We Won This Election


On the night of the 2020 election, Donald Trump infamously declared himself the winner, telling his audience "frankly, we did with this election" despite millions of ballots still uncounted. Whereas he was ahead on Election Day, the mail-in vote heavily favored Joe Biden due to contrasting opinions on the COVID-19 pandemic between the parties. In the days following, Trump and his allies claimed that the election was being stolen, and on November 7, Joe Biden finally crossed the 270 threshold to be elected president. For months, Trump would insist that he won the election and refused to concede all the way up to January 6th, where his supporters attacked the capitol to try and reverse the results of the election. When this was met by widespread condemnation by both parties, Trump gave a partial concession, but since leaving the White House, maintains he was the true winner of the election.

While polling indicated a wide victory for Biden, the final result ended up being much closer, with Biden flipping five states from Republican to Democrat, three by a margin less than 1%. A universal two-point swing to Donald Trump flips the states of Georgia, Wisconsin, Arizona, and Pennsylvania enough to hand the election to him, a surprising result from a relatively small swing. This timeline will explore this question: what if Trump managed to pull up a second upset?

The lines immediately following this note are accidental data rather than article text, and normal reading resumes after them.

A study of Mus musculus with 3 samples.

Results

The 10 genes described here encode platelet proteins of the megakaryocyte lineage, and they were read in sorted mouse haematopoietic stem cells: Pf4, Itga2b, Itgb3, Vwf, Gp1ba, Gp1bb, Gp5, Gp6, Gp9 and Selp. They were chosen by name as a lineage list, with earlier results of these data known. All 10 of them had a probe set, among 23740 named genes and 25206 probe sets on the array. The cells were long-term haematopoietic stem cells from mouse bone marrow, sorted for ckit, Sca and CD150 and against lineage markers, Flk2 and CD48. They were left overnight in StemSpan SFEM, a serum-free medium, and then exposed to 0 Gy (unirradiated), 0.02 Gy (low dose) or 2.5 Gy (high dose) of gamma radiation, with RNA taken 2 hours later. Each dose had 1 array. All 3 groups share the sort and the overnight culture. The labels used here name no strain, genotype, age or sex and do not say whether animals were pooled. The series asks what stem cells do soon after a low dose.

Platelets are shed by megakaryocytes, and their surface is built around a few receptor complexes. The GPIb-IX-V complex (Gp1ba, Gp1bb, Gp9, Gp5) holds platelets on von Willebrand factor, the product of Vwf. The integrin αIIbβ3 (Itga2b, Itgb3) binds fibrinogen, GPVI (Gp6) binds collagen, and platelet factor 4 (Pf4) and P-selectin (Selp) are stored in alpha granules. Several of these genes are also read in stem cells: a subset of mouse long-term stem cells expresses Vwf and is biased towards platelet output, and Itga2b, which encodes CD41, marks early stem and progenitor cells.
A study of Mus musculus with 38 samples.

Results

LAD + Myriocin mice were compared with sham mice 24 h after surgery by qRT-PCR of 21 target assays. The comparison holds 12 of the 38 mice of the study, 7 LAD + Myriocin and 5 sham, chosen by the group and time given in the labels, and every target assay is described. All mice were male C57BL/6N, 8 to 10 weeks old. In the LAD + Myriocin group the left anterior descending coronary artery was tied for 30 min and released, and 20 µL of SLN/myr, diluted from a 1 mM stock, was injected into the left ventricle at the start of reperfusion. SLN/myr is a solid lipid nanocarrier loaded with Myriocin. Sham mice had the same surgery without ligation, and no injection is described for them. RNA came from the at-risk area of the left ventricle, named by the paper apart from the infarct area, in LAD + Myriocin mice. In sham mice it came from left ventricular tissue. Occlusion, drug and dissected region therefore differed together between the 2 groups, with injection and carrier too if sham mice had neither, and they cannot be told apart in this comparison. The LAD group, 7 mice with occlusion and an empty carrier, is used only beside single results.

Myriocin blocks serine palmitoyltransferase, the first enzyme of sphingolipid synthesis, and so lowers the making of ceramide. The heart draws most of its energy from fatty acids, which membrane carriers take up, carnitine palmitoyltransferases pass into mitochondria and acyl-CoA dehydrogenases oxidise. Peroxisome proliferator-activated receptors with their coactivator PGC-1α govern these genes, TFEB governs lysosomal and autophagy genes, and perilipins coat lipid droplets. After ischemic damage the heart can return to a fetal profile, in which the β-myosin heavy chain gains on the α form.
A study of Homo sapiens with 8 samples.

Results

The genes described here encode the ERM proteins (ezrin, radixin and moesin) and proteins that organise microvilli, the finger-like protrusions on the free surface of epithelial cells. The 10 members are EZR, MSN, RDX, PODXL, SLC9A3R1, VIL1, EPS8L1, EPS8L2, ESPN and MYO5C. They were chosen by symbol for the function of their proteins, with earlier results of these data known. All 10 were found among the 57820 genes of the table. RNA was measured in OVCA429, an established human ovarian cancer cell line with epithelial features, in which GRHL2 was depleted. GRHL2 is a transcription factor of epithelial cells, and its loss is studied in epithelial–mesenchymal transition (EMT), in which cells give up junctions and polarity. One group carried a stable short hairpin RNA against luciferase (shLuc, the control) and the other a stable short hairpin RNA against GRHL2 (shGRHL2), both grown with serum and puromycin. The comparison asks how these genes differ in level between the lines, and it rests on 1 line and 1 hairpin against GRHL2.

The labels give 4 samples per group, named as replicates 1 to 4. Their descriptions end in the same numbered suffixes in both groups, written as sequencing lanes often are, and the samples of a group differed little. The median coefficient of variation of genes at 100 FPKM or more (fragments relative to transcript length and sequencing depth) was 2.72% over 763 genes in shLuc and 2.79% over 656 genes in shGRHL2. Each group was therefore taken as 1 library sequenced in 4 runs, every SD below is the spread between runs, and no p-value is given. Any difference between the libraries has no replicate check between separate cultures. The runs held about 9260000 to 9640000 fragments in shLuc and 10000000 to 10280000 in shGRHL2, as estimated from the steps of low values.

Point of Divergence

During the second (third planned) debate, Joe Biden is pressed by Trump on Hunter Biden's laptop, but rather than effectively dismiss the accusation, Biden makes an agitated gaffe, saying, "There's nothing there. There's nothing to see there." This brief incident is amplified by the Trump campaign, and becomes an example of the Streisand effect. Interest in the controversy spikes, and spinning by the Trump campaign and pro-Trump media reaches millions. While it doesn't change millions of minds, it changes enough to change the election, and three days after Election Day, Donald Trump is projected the winner of the 2020 election.



  • November 3 – Election Day. Trump starts with wide victories in most swing states. The night of the election, he declares himself the winner, despite votes still being counted.
  • November 4–6 – As the ballots are counted, Trump begins to accuse Biden of rigging the election, claiming that mail-in votes are stuffing the ballot.
  • November 7 – With 99% of the ballots counted, it is projected that there is not enough votes for Biden to take the lead in Pennsylvania, thus handing the state to Trump, and pushing him across the 270 threshold. Trump gives another victory speech. Biden gives a brief concession by video, thanking his supporters and urging them to not lose hope in the future, not mentioning Trump by name.
  • November 8 – Akin to 2016, spontaneous protests break out in many major cities against Trump's reelection.